In December of 2015, a video appeared on the Internet that stunned surfers worldwide. Titled “Kelly’s Wave,” it showed Kelly Slater—arguably the best pro surfer in history—unveiling a secret project he had been working on for more than a decade. With the help of engineers and designers, Slater had perfected the first artificial wave, created by machine in a pool, that could rival the best waves found in the ocean. “One could spend years and years surfing in the ocean,” the staff writer William Finnegan, himself a lifelong surfer, notes, “and never get a wave as good as what some people are getting here today. Ever.”
Finnegan went to visit the Kelly Slater Wave Company’s Surf Ranch—a facility in California’s Central Valley, far from the Coast—to observe a competition and test the wave for himself. (He wrote about the experience in The New Yorker.) Up until now, surfing was defined by its lack of predictability: chasing waves around the world and dealing with disappointment when they do not appear has been integral to the life of a surfer. But, with a mechanically produced, infinitely repeatable, world-class wave, surfing can become like any other sport. The professional World Surf League, which has bought a controlling interest in Slater’s company, sees a bright future.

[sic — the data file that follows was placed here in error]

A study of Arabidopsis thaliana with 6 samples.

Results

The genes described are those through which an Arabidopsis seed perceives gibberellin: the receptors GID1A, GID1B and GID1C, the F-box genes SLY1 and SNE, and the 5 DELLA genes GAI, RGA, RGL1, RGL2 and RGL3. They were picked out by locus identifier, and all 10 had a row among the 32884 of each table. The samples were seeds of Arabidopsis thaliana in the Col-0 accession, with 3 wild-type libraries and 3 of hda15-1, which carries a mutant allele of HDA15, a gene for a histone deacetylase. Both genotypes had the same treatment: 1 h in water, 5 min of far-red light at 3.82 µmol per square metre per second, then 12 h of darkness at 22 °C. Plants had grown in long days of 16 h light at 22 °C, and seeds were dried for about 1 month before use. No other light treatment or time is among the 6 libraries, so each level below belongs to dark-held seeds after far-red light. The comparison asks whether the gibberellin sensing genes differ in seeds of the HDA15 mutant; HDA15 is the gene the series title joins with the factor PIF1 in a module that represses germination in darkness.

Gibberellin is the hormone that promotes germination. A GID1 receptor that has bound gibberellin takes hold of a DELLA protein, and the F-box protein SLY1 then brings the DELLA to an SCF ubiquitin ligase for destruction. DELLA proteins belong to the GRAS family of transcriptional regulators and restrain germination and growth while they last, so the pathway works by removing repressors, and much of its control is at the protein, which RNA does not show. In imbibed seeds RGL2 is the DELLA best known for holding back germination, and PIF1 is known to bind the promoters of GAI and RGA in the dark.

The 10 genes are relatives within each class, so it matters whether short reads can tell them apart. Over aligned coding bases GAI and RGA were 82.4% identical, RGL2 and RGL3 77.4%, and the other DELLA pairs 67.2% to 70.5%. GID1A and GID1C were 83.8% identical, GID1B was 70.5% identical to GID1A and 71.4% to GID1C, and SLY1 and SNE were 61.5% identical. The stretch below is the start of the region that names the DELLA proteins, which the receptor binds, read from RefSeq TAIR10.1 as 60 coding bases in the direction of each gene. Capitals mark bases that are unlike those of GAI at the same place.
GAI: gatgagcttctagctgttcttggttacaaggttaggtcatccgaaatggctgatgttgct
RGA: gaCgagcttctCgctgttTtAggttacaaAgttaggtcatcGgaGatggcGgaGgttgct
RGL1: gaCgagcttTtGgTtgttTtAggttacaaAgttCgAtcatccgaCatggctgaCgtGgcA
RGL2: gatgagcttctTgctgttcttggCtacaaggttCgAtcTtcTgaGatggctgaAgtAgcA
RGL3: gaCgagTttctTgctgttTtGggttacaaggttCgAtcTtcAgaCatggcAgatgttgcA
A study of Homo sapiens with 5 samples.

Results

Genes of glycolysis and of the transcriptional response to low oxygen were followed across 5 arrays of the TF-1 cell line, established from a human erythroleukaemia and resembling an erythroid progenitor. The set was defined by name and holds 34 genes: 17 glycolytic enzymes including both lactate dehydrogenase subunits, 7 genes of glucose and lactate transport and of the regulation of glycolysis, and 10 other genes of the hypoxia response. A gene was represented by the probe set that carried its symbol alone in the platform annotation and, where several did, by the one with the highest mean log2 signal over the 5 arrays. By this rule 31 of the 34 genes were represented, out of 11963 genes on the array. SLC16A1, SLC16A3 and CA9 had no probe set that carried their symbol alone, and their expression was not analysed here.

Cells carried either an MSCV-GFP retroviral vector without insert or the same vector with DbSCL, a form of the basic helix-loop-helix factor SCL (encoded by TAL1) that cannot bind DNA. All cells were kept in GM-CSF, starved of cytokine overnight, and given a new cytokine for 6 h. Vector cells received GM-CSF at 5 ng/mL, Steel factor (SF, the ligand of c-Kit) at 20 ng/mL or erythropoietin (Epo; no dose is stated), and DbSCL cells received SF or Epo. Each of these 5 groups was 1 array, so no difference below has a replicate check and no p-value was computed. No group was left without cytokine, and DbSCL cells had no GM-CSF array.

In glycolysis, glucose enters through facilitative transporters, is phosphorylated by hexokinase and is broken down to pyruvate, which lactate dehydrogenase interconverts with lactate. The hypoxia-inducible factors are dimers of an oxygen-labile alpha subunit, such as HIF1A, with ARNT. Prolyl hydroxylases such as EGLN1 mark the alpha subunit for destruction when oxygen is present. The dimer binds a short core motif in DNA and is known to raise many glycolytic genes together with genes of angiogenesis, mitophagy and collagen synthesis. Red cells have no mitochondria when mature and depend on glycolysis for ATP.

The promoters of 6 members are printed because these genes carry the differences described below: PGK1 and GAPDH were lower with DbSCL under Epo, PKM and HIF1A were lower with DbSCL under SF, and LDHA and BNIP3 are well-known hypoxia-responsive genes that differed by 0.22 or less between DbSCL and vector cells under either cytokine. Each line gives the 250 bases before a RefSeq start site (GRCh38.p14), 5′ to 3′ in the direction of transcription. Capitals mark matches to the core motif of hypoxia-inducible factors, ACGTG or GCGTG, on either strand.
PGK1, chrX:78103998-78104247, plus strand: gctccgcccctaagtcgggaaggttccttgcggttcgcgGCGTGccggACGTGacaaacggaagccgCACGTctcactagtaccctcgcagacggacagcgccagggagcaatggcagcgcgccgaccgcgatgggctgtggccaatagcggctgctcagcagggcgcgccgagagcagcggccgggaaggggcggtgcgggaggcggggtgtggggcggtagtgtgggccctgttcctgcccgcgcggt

But Finnegan wonders what it means to take surfing out of nature. Will kids master riding artificial waves without even learning to swim in the ocean? Finnegan spoke with Kelly Slater, Stephanie Gilmore (the Australian seven-time world champion), and Matt Warshaw (the closest thing surfing has to an official historian). Warshaw, like Finnegan, is skeptical about the advent of mechanical waves. Yet he admits that, when he had the chance to ride it, he didn’t ever want to stop. “It reminded me of 1986,” Warshaw recalls. “The drugs have run out, you already hate yourself—how do we get more?”
This story originally aired December 14, 2018.